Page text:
Willich appointed the very able Indianapolis native Edward Mueller to the post of regiment Quartermaster on August 21, a choice that proved invaluable to the men at times when other regiments would suffer. The 32nd shared Camp Murphy with other Indiana organizations attempting to form as regiments. The men soon referred to their little portion of the post as Camp Willich, a name adopted on all correspondence during the period.
Hundreds of ethnic German volunteers from the region, drawn by Willich's reputation, traveled to Indianapolis to join the regiment. Most were immigrants who had settled in the state; many with military backgrounds developed on the fields of Europe. Entire companies arrived from the cities of Evansville, Terre Haute, LaFayette and Madison. Also answering the call were a number of citizens from the German enclaves in or around the Ohio River towns of Jeffersonville, New Albany, and Clarksville. Kentuckians traveled from the Germantown District of Louisville and Ohio Germans, turned away in Cincinnati at the organization of the 9th Ohio, rushed to the Indiana call for recruits. A group of approximately thirty Germans from Tennessee, escaping the Confederate draft, made the trek north to enlist in the 1st German, 32nd Regiment Indiana Volunteer Infantry.
Companies held elections to select their own officers beginning September 18, 1861. Most of the companies formed around a core of Turnverein or militia organizations from the major communities of Indiana that arrived intact at Indianapolis to join the regiment. This was so much the case that the men referred to themselves as the 'Aurora Company', or the 'Lawrenceburg Company' and even the 'Cincinnati Company', made up of a large number of Ohio Germans. Soldiers nominated friends or relatives they had known all their lives to lead them to war. Election of staff officers took place once the company elections ended.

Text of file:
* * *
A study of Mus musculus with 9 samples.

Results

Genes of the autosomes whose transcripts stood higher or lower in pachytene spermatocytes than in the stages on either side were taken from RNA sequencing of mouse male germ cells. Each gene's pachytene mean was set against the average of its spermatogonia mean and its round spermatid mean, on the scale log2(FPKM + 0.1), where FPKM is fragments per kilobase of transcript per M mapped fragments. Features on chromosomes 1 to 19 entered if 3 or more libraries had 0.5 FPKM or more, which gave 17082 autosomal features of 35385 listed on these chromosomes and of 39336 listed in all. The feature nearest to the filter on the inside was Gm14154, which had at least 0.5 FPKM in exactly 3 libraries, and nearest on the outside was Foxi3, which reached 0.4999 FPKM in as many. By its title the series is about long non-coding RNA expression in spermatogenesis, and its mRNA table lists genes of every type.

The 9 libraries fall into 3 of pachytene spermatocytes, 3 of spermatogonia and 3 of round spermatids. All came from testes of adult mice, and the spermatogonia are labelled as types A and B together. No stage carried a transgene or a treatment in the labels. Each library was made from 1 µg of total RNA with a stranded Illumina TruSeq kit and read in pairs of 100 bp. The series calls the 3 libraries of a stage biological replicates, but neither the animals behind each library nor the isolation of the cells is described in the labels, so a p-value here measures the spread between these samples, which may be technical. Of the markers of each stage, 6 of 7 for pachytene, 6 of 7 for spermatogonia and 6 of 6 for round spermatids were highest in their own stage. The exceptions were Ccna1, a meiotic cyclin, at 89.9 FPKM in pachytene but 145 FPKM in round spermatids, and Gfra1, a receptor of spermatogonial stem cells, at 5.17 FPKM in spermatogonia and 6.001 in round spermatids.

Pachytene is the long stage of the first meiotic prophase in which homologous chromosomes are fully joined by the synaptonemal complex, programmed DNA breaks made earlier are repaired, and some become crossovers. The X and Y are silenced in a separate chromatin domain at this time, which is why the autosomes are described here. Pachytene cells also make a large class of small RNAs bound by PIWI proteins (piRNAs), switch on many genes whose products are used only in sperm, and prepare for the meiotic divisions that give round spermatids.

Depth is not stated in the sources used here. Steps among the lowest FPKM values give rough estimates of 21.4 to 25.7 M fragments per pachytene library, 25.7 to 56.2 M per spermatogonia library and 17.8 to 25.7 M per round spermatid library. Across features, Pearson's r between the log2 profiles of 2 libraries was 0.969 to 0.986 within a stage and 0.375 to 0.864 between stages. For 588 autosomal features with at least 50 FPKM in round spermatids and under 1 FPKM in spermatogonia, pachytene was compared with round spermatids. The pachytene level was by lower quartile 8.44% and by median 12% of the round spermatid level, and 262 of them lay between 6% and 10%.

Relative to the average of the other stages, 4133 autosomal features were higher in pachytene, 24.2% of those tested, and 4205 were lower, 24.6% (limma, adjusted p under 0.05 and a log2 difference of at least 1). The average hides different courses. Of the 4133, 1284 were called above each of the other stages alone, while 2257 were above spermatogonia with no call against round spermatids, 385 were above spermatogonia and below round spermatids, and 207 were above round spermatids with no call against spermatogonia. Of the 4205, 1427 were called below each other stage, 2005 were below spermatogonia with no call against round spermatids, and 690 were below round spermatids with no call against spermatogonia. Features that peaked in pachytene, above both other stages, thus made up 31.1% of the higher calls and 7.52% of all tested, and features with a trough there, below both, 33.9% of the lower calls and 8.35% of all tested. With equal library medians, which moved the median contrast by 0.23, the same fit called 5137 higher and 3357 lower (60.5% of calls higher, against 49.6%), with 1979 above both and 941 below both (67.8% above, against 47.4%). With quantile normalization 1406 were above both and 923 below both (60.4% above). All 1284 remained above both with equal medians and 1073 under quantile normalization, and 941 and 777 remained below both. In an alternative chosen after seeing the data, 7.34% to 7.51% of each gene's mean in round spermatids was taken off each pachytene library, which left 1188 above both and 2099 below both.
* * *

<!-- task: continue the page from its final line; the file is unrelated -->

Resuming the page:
From his farm near Danville in Illinois, Henry von Trebra, another former officer of the Prussian military, heard the news of the formation of the all-German regiment in Indiana. He and his younger brother, Louis, traveled to Indianapolis to offer their services. Willich immediately assigned the elder von Trebra the responsibility of regiment drillmaster and the regiment elected him lieutenant colonel on September 23. The 32nd's rapid progress in infantry drill and tactical maneuvering proficiency demonstrated von Trebra's expertise. Those skills would prove invaluable on future fields of conflict. 
The variety of weapons provided by the state presented unique difficulties to von Trebra's training program. At first the guns available were a mixture; mostly Enfields with a few new Springfields and too many of a weapon that Willich referred to as 'Greenwoods'. This altered Austrian flintlock musket derived its name from the Cincinnati-based Greenwood, Miles & Company that modified the muskets for percussion and bored the barrels to .58 caliber. The weapon was of very poor quality and Willich took steps to eventually acquire the newer Springfields for all the companies of the regiment. An upsurge of rebellion force in the region made the need for arms imperative.
2nd Lieutenant Adolph G. Metzner of Company 'A', appointed by Willich as the regiment cartographer, produced this caricature of Henry and Louis von Trebra arriving August 1861 at Camp Willich in Indianapolis. Collection of E. Burns Apfeld.
Events escalated quickly in the late summer of 1861 nullifying Kentucky's claim to neutrality. On September 3, Confederate forces, under the command of Major General Leonidas Polk, occupied and began fortifying the Mississippi River town of Columbus in western Kentucky effecting a barrier to river navigation. Two days later, Union Brigadier General Ulysses S. Grant moved his army into Paducah and Smithland in Kentucky at the mouths of the Tennessee and Cumberland Rivers to secure those invasion routes.